A Trial Run
To see how easy this process is, we tried out four wireless routers from Cisco, NetGear, Asus and EnGenius. Cisco's Valet Plus was hands down the easiest to set up. You just plug it in. There's no programming needed. Cisco provides you with a little thumb drive to set up and remember your security key. Then you can use that same thumb drive to get any other desktop or laptop on to your network. From the time we opened the box, until we were up and running, it took about 10 minutes.
All of the others required a little more work. Even though these are all wireless routers, each wanted you to connect your new router with an Ethernet cord directly to your computer to set up the security software. For many people, that's not really practical, since their cable or phone connection may be in the basement. The NetGear router came with its own suggested network name and security key. Alternatively all three will allow you to set a security key wirelessly, but it will require more work, usually going into the default Internet address for the router's security page. That means in the URL line of your Internet browser you'll have to enter something like: http://192.168.1.1 . Yours may be different, but the address should be in the included setup disk or manual. Again, this could take a little time and effort, and if you get stuck, don't be afraid to call the customer support number that came with your router. Or you can always make a new friend with the Geek Squad.
|Router Name/Model||Price||Installation Time with Security Key||Wirelessly Setting Security|
|Asus RT-N56U||$114-155||25 minutes||Needed to use installation CD|
|Cisco Valet Plus||$60-130||10 minutes||Uses thumdrive; no CD required|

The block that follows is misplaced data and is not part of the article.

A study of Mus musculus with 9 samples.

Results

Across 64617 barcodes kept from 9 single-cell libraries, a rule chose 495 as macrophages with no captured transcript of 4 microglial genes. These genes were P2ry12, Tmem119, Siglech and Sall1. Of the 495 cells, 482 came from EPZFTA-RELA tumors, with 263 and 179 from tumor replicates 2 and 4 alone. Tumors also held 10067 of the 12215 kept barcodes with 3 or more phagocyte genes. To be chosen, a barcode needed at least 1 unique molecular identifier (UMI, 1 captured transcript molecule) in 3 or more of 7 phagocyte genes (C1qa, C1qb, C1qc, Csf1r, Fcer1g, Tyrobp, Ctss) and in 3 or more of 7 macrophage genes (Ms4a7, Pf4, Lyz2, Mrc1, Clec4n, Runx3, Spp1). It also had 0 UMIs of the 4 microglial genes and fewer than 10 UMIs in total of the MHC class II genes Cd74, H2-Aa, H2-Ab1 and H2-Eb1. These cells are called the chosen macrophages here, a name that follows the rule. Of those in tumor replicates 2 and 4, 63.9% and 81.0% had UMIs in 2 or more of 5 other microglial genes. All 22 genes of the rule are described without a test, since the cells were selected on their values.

|EnGenius ESR 98556 Gaming Router||$66-145||40 minutes||Short on documentation, but doable|
|Netgear N600 Premium Edition||$150-167||25 minutes||Needed to change from supplied encryption key to user selected key|
If you have a larger home that can't be covered by a normal router, both EnGenius and NetGear offer wireless range extenders that are like repeaters. Cisco's Valet Plus is designed to cover more square feet than the entry level Valet. .
If you do run into problems during setup, you can often solve them simply by powering off and on your cable or DSL modem, your router and your computer. This will give all your devices an opportunity to find one another. If your computer finds your new wireless router, say you call it Blue Rhino, but you can't connect to the Internet, then it's possible (but not likely) that your cable company or phone company equipment may be the issue. Bottom line is that the setup process for your router may be every bit as important as the device itself. If you buy one in the store, make sure it's going to meet your needs, and that you can follow the setup instructions without having to learn a foreign language – Geekspeak.